FICTION: A father attending his comatose son begins to read the boy's favorite comic book, hoping for some insight and a miracle.
In the opening pages of Jack O'Con-nell's fifth novel, "The Resurrectionist," we meet Sweeney, a father and pharmacist who has no clue what he's gotten himself into. In a desperate attempt to help his 6-year-old son, Danny, pull out of a post-accident coma, Sweeney's brought his child from Cleveland to the Peck Clinic, an eerie, almost gothic New England hospital that's had some success with reviving the comatose. The chief doctor is a little stingy with details about how he pulls that off, exactly, but Sweeney is encouraged to be patient.
O'Connell demands much the same of the reader. Tonally, "The Resurrectionist" is all over the place, though intentionally so: It blends the out-there mysticism of H.P. Lovecraft, the dark corridors and femme fatales of Dashiell Hammett, and the pulpy, lurid qualities of '50s comic books. That last part is critical, as much of the plot of "The Resurrectionist" hinges on "Limbo," a comic-book series much loved by Danny that focuses on the adventures of a group of circus freaks. The novel regularly breaks from the main narrative to summarize the plots of a particular issue of "Limbo," which features tales of derring-do by a strongman, fat lady, "chicken boy," and more as they navigate a hate-filled world.
The "Limbo" sections prove to be some of the best writing in "The Resurrectionist" -- O'Connell is clearly taken with his characters, and with the high drama (Rescues at sea! Attacks by gargoyles!) that the comic-book style allows him. And "Limbo" is performing some allegorical work, too, mirroring the staffers at the Peck Clinic and a tribe of bikers who have some unusual theories about awakening the comatose.
"This city was a circus and the clinic was starting to seem like a freak show," O'Connell writes, as Sweeney considers packing up and going home. "Cleveland may have been hopeless but at least it was known despair."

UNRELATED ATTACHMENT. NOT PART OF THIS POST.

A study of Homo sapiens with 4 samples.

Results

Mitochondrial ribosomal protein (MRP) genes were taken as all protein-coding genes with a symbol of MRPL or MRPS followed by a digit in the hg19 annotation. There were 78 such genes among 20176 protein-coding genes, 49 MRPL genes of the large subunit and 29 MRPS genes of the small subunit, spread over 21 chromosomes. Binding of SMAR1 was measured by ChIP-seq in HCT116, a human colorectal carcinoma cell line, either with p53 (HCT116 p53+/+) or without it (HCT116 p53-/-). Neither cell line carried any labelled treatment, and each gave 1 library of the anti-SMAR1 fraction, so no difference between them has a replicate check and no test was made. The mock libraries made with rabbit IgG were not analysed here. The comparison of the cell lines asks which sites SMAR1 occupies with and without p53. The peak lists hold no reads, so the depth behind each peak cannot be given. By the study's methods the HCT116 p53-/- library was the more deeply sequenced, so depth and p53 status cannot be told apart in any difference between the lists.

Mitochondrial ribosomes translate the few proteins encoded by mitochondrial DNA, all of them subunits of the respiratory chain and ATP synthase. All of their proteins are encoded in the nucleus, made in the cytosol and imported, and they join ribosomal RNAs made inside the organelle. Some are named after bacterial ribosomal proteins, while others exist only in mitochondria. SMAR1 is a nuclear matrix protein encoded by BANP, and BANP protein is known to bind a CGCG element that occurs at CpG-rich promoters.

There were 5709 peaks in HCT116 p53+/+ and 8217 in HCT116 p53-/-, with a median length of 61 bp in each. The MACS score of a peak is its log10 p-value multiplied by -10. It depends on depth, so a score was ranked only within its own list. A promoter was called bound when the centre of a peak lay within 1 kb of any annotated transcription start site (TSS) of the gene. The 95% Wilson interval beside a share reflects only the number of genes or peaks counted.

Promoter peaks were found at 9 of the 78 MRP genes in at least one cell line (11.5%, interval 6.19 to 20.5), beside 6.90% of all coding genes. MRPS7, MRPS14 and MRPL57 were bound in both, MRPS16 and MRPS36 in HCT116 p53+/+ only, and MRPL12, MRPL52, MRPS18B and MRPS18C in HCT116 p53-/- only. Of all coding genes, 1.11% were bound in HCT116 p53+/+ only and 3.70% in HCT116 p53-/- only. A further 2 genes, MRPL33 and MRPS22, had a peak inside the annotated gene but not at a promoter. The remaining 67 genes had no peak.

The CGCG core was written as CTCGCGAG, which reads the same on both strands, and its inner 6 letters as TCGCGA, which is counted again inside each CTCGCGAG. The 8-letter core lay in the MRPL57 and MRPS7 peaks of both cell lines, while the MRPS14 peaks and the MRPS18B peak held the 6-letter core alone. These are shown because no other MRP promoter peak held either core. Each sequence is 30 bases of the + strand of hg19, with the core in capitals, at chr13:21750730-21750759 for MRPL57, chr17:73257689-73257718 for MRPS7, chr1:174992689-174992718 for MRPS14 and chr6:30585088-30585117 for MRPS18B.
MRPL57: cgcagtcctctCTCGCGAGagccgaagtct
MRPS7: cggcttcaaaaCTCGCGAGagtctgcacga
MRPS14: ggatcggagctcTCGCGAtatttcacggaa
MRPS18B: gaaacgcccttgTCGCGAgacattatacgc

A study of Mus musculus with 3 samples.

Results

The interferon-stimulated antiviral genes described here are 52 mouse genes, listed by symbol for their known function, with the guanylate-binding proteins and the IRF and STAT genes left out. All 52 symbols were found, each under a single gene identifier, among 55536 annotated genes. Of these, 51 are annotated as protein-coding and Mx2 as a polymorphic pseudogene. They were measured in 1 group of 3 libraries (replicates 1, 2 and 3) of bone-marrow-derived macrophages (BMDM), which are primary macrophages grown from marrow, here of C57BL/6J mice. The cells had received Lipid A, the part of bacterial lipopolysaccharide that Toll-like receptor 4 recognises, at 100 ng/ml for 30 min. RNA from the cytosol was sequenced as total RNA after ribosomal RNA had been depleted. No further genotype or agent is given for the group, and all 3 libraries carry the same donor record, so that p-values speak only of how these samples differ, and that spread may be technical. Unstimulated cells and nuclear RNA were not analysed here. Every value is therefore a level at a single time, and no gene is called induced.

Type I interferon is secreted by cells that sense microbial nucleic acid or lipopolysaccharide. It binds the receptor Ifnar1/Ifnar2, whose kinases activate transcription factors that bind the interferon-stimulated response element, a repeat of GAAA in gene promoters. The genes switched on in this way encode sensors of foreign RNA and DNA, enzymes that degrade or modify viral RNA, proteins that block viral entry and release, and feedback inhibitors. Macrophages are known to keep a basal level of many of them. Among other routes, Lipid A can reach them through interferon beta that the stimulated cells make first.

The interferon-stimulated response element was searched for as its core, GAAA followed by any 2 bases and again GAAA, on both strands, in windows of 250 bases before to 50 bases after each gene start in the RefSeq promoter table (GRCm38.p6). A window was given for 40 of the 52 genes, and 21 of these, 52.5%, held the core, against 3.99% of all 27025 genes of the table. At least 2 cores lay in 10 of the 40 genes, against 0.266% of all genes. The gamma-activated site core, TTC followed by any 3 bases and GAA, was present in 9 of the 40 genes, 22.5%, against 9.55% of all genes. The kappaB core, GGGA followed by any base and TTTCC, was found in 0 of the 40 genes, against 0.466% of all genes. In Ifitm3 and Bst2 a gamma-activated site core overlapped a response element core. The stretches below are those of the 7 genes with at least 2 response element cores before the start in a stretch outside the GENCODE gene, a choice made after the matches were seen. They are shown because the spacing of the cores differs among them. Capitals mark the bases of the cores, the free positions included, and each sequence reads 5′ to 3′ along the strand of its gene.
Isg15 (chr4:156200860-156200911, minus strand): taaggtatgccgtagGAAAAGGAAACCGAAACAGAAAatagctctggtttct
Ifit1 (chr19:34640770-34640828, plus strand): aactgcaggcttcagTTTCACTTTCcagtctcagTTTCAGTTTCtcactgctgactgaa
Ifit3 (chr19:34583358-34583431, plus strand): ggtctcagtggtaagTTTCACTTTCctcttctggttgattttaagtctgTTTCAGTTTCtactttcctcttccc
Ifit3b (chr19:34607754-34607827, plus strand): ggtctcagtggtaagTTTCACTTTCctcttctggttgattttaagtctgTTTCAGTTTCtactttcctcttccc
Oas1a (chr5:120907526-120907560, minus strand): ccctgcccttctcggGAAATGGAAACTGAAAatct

But O'Connell's attempt to play the comic-book world against the real one -- and then, eventually, to merge them -- is disappointingly clumsy.
Like a silk dress sewn together with baling wire, the novel is full of lovely parts that don't quite come together, and Sweeney is a frustratingly static hero. For much of the novel he's asking some variation of "What on earth is going on here?" only to be rebuffed, until the next person arrives to be queried. By the time that Sweeney (and the reader) discover what's really going on -- something often hinted at but only clarified in the final fourth of the novel -- the truth is too odd, and Sweeney too passive, to produce any genuine emotional effect.
O'Connell, it appears, got so swallowed up in crafting the novel's ornate structure that he neglected the message he wanted to send. That message isn't especially complicated: It's about the obligations that fathers have to sons, about the security they can provide amid the "freakishness" of the outside world. That's a story that can easily degenerate into greeting-card sentimentality, and to its credit the novel is too gritty to play cute. There may yet be a novel that can successfully get at such home-and-hearth themes by tinkering with pulps, fantasy and mystery. But "The Resurrectionist," unfortunately, is too much of a mystery itself.
Mark Athitakis is the arts editor of Washington City Paper. He blogs at americanfiction.wordpress.com.